Working in an industry that doesn't require one to wear a suit and tie or a uniform with a name tag means there sometimes needs to be other superficial ways to check credibility, status and taste. T-shirts are often that means. For example, if I saw someone wearing an Angry Birds T-shirt and was over 25 years-old, I will immediately assume that person is a fucking moron. It's kind of like avoiding anybody who is of post-graduate age and reads Harry Potter books.

However, there are certain shirts that instantly scream cred. For example, anybody who passes my transom sporting the classic "Mickey Mouse" Jesus Lizard T-shirt will undoubtedly seize my attention and attain my almost-immediate respect. If the T-shirt displays a lesser-known entity, like a vintage guitar company, small record label logo, obscure band or some cool graphic illustration, I might be liable to assume this person, despite the pedestrian choice of T-shirt/jeans ensemble, has discerning tastes as well -- a cut above the rest of the crowd.

That said, sometimes wearing the band T-shirt itself is simply not enough. Just because you wear a Metallica T-shirt, you have to be careful it has the correct logo. A "Load" era logo just doesn't carry the same weight as a "Ride The Lightning" era logo. Conversely, if, in 2013, somebody passed me on the street wearing a Kiss shirt from their 1983-1996 sans make-up era, I'll either think that person is doomed to eternal virginity or the coolest cat this side of the Kiss-quator (copyright 2013 by me, Gene).

It's a fine line to walk when considering T-shirt staples like The Ramones' iconic Presidential eagle seal and the old English Motorhead Snaggletooth emblem. Both insignias transcended their rock roots and have become pop culture mainstays to the point where even some 20-something hipsters actually think they're more brands than bands. So I'm very wary to credit someone with discerning taste upon seeing these shirts on their person. They could very well be some weekend warrior playing dress-up rocker who only knows "Enter Sandman."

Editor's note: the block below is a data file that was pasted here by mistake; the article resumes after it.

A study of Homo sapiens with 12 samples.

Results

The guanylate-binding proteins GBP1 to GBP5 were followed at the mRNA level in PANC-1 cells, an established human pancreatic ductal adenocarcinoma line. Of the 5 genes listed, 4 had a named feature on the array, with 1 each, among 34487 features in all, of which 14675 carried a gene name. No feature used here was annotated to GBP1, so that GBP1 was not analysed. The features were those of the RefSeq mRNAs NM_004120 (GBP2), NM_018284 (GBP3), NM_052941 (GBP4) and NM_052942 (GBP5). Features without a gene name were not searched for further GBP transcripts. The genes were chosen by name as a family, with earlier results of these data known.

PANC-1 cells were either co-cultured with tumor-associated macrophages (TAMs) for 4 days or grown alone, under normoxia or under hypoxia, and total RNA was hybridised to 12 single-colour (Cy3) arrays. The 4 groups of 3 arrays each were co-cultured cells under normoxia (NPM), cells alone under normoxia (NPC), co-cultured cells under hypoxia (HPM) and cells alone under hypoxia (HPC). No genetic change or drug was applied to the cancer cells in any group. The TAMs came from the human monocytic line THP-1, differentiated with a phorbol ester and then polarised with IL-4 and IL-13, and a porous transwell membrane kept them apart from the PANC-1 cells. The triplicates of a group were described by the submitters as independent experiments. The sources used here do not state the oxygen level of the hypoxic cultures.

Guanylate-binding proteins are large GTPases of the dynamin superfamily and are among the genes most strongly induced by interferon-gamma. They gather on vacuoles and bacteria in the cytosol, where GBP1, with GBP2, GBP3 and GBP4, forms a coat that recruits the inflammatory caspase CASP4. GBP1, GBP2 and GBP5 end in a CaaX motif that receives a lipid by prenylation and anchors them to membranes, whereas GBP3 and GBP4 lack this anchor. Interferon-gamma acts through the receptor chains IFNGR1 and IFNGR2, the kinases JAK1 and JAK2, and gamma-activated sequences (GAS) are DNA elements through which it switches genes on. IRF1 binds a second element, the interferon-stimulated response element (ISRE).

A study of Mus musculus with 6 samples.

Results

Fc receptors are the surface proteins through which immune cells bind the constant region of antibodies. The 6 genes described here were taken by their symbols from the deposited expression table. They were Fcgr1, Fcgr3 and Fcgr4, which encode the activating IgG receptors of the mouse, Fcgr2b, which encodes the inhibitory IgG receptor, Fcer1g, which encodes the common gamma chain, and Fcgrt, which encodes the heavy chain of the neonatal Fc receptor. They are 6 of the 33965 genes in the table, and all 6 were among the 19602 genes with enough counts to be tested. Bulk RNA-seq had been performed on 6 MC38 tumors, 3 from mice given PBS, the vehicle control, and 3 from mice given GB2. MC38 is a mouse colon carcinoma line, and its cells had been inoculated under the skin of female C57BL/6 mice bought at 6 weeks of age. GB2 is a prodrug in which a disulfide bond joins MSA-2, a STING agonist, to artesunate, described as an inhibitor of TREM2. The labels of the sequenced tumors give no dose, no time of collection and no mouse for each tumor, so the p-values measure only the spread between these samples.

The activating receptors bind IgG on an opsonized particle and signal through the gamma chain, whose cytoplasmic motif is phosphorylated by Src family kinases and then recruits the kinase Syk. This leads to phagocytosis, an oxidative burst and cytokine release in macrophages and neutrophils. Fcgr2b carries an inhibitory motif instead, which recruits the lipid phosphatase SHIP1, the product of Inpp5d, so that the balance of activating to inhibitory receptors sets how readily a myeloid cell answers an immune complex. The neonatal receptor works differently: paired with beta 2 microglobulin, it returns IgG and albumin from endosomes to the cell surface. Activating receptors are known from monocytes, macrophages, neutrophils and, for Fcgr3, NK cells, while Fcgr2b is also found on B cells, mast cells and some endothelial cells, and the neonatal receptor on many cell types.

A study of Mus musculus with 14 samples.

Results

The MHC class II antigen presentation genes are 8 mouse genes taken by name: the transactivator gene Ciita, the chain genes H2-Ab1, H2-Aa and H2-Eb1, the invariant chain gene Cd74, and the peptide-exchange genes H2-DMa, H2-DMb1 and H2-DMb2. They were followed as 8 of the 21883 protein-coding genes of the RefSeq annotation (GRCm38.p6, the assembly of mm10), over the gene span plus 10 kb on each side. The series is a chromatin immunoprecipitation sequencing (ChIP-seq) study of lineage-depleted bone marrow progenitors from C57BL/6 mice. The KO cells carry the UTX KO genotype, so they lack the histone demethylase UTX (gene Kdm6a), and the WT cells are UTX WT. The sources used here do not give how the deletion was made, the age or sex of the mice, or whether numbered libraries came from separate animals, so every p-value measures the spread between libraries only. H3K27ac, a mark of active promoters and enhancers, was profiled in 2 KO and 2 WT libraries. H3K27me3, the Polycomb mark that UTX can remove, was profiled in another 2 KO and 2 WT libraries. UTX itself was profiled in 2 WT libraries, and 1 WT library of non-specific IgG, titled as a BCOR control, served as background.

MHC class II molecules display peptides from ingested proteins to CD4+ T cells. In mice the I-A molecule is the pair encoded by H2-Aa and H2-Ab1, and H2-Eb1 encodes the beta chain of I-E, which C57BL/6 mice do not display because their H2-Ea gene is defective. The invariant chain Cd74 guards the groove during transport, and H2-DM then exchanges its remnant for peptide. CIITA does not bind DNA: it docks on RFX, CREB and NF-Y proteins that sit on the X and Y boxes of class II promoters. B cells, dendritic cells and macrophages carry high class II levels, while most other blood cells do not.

And even when this stab at credibility is heartfelt, like a 19-year-old kid wearing a Slayer "Show No Mercy" baseball T-shirt, it's also hard to not suspend disbelief that they actually bought that shirt at the show way back in the day. On the other hand, Charlie Sheen "Winning" T-shirts, while gauche today could very well turn around and become a hilarious wardrobe throwdown in say, eight years. Just try containing your laughter if somebody wearing a Borat "Let's Make Sexy Time" T-shirt walked by you even today.

So with all this thought into something as common as the casual top, I proffer up my favourite T-shirt -- the Don Knotts-as-Danzig "Donzig" shirt. Now, I'm not sure if this is actual merch for a band called Don Knotts ('cause there is a band called Don Knotts from Wyoming, MI) or just another appropriation of the Glenn Danzig-fronted "Danzig" skull, itself a poaching of the skull from Marvel comic "Crystar, Crystal Warrior" issue no. 8 from 1983, but that's irrelevant. What is important is that never has a T-shirt so seamlessly blended two of my favourite things in the world -- Three's Company's Ralph Furley a.k.a. Barney Fife, and the Danzig skull. It's like the showbiz equivalent of a Reese's Pieces candy bar.

I first saw Nashville Pussy's Jeremy Thompson wearing the shirt in a band photo and badgered him about it until I retrieved its details. It took a while but I finally tracked down the makers and have since seen it sold at various online depots. Clearly, my fandom for both entities is shared.

I own and have seen every episode of Three's Company and its spin-offs The Ropers and Three's A Crowd at least five times over. Furthermore, I have just about every Glenn Danzig-related record that's ever been released and probably listened to each a minimum of 10 times, if not more. In other words, there's never been something so tailor-made for me then this Donzig shirt.

It's almost as if the T-shirt knocked on my door because I had been waiting for it. It danced on my floor and took a step that was new. Even though I was in a loveable space and needed its face it wasn't about to see my light. It did however want to find hell with me and I showed it what it was like.